Some hold that there are 84 known Mahasiddhas in both Hindu and Tibetan Buddhist traditions, with some overlap between the two lists. Each Maha Siddha has come to be known for certain characteristics and teachings, which facilitates their pedagogical use. One of the most beloved Maha Siddhas is Virupa, who may be taken as the patron saint of the Sakyapa sect and instituted the Lamdré (Tibetan: lam ‘bras) teachings. Virupa (alternate orthographies: Birwapa/Birupa) lived in 9th century India and was known for his great attainments.
Some of the methods and practices of the Maha Siddha were codified in Buddhist scriptures known as Tantras. Traditionally the ultimate source of these methods and practices is held to be the historical Buddha Shakyamuni, and often it is a trans-historical aspect of the Buddha or deity Vajradhara or Samantabhadra who reveals the Tantra in question directly to the Mahasiddha in a vision or whilst they dream or are in a trance. This form of the deity is known as a sambhogakaya manifestation. The sadhana of Dream Yoga as practiced in Dzogchen traditions such as the Kham, entered the Himalayan tantric tradition from the Mahasiddha, Ngagpa and Bonpo. Dream Yoga or “Milam” (T:rmi-lam; S:svapnadarśana), is one of the Six Yogas of Naropa.
Four of the 84 Maha Siddhas are women. They are Kanakhala, the younger of the two Headless (Severed-Headed) Sisters, Lakshmincara The Mad Princess, Manibhadra, the Model Wife (the Happy Housewife) and Mekhala (c. 900) the elder of the two Headless (Severed-Headed) Sisters. Von Schroeder (2006) states:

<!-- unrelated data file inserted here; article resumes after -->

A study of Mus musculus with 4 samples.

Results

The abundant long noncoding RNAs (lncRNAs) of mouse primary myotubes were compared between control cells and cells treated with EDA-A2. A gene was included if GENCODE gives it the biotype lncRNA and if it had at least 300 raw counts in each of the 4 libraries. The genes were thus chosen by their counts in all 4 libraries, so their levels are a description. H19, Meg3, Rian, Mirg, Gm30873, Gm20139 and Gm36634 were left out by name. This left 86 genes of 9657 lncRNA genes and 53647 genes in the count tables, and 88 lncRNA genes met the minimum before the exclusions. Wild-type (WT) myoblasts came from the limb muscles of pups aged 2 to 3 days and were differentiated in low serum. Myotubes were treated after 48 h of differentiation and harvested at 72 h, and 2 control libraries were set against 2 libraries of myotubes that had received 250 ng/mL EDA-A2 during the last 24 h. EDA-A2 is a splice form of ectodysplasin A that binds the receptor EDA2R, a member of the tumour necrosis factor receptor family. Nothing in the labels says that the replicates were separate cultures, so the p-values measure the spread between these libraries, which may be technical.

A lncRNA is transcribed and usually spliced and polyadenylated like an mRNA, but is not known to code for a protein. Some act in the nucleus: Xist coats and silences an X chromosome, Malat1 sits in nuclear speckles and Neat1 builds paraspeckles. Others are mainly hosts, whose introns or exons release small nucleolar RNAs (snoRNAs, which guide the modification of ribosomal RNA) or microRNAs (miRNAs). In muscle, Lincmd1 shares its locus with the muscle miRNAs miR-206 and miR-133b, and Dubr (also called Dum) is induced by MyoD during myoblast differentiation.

Some of the most important Tibetan Buddhist monuments to have survived the Cultural Revolution between 1966 and 1976 are located at Gyantse in Tsang province of Central Tibet. For the study of Tibetan art, the temples of dPal ’khor chos sde, namely the dPal ’khor gTsug lag khang and dPal ’khor mchod rten, are for various reasons of great importance. The detailed information gained from the inscriptions with regard to the sculptors and painters summoned for the work testifies to the regional distribution of workshops in 15th-century Tsang. The sculptures and murals also document the extent to which a general consensus among the various traditions or schools had been achieved by the middle of that century. Of particular interest is the painted cycle of eighty-four mahåsiddhas, each with a name inscribed in Tibetan script. These paintings of mahasiddhas, or “great perfected ones endowed with supernatural faculties”, are located in the Lamdre chapel on the second floor of the dPal ’khor gTsug lag khang. Bearing in mind that these murals are the most splendid extant painted Tibetan representations of mahasiddhas, one wonders why they have never been published as a whole cycle. Several scholars have at times intended to study these paintings, but it seems that difficulties of identification were the primary obstacle to publication. Although the life-stories of many of the eighty-four mahasiddhas still remain unidentified, the quality of the works nevertheless warrants a publication of these great murals. There seems to be some confusion about the number of mahåsiddhas painted on the walls of the Lam ’bras lha khang. This is due to the fact that the inscription below the paintings mentions eighty siddhas, whereas actually eighty-four were originally represented.